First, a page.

16 February 2014

Robin Black and White

The last issue of DC Comics’s second Batman Black and White series offers a fine short story about Dick Grayson as Robin, written and drawn beautifully by Cliff Chiang.

In only eight pages, Chiang’s “Clay” addresses both the inherent tension in any story of a kid sidekick and one of the biggest challenges of adolescence: feeling you need to prove yourself with everybody watching.

He also manages to touch on all four major male characters at the dawn of the Dynamic Duo mythos: Bruce Wayne/Batman, Dick Grayson/Robin, Commissioner Gordon, and (unseen) Alfred.

In contrast with the New 52 revamp in the recent Batman and Robin Annual, this Robin is clearly the littlest guy in the fight. Chiang draws him to look about half Batman’s size. The Gotham police think he’s a joke. As usual, he’s worried that Batman doesn’t trust him to keep up. And there’s a supervillain marauding in Crime Alley.

Though this Robin wears the 1940-1990 costume, this story isn’t an old-fashioned throwback. Dick describes Batman’s mission as “scaring the crap” out of criminals. Bullies at his school make fun of his name and how he lives with Bruce Wayne, and he puts them in the hospital. Redevelopment in central Gotham involves “chain restaurants.” But the overall feeling is timeless.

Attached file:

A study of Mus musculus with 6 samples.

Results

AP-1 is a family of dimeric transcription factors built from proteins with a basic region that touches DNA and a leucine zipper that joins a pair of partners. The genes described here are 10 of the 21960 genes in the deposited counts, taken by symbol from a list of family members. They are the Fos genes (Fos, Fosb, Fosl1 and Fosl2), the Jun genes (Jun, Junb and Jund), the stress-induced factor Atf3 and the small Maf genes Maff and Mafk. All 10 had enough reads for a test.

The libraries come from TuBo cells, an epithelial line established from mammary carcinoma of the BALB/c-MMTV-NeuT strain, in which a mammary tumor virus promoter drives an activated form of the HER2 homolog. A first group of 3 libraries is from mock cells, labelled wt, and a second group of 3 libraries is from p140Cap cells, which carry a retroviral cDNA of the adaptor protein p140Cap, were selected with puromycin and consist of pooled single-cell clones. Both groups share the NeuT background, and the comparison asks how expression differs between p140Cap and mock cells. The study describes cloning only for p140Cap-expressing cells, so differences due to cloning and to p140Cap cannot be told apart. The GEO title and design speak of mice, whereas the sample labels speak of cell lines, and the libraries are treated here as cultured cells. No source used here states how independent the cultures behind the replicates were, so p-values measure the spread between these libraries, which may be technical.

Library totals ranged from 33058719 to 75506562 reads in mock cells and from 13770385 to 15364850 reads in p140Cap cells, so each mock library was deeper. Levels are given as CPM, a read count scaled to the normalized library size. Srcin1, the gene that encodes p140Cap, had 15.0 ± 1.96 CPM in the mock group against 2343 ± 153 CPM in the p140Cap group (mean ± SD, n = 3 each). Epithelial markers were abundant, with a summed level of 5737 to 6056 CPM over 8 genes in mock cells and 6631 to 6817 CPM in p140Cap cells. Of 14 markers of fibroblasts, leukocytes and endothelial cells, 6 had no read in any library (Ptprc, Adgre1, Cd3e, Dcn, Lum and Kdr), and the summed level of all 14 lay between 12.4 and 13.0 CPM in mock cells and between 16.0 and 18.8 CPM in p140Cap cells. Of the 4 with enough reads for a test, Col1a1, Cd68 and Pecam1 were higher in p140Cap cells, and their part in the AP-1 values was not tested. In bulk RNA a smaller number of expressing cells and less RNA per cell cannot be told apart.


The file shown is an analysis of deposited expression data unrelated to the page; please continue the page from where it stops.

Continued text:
The villain Basil Karlo/Clayface, appeared in the June 1940 issue of Detective Comics and was thus among the first villains that Robin tangled with. Karlo was just a murderous Lon Chaney. Later writers reused the name Clayface for villains who could remold their bodies and manipulate the earth like clay, becoming a much bigger threat.

By page four, Chiang’s story establishes that this Karlo has those superpowers, too. That’s important not only for the well-drawn fight scene that follows but also because it links this Clayface to the Boy Wonder. Both are natural performers, and Dick has to figure out if he wants to let himself be driven by audience approval and remold himself like Karlo.


Anonymous said...

Missing verb in next-to-last pp, 1st sentence. Interesting post -- I like it when writers pay attention to Robin and remember that he's a kid, not just a foil. No need to publish this.

J. L. Bell said...

Thanks for the sharp eyes; I've tossed some verbs into that sentence.

Dick Grayson/Robin was a kid in the comics for thirty years before going off to college, and was in a transitional state—still Robin but no longer a boy—for another fifteen. Now it's been almost thirty years and at least two reboots since he became Nightwing, so these stories to him as a kid always have to be flashbacks from the current continuity. That makes them particularly nostalgic, I think.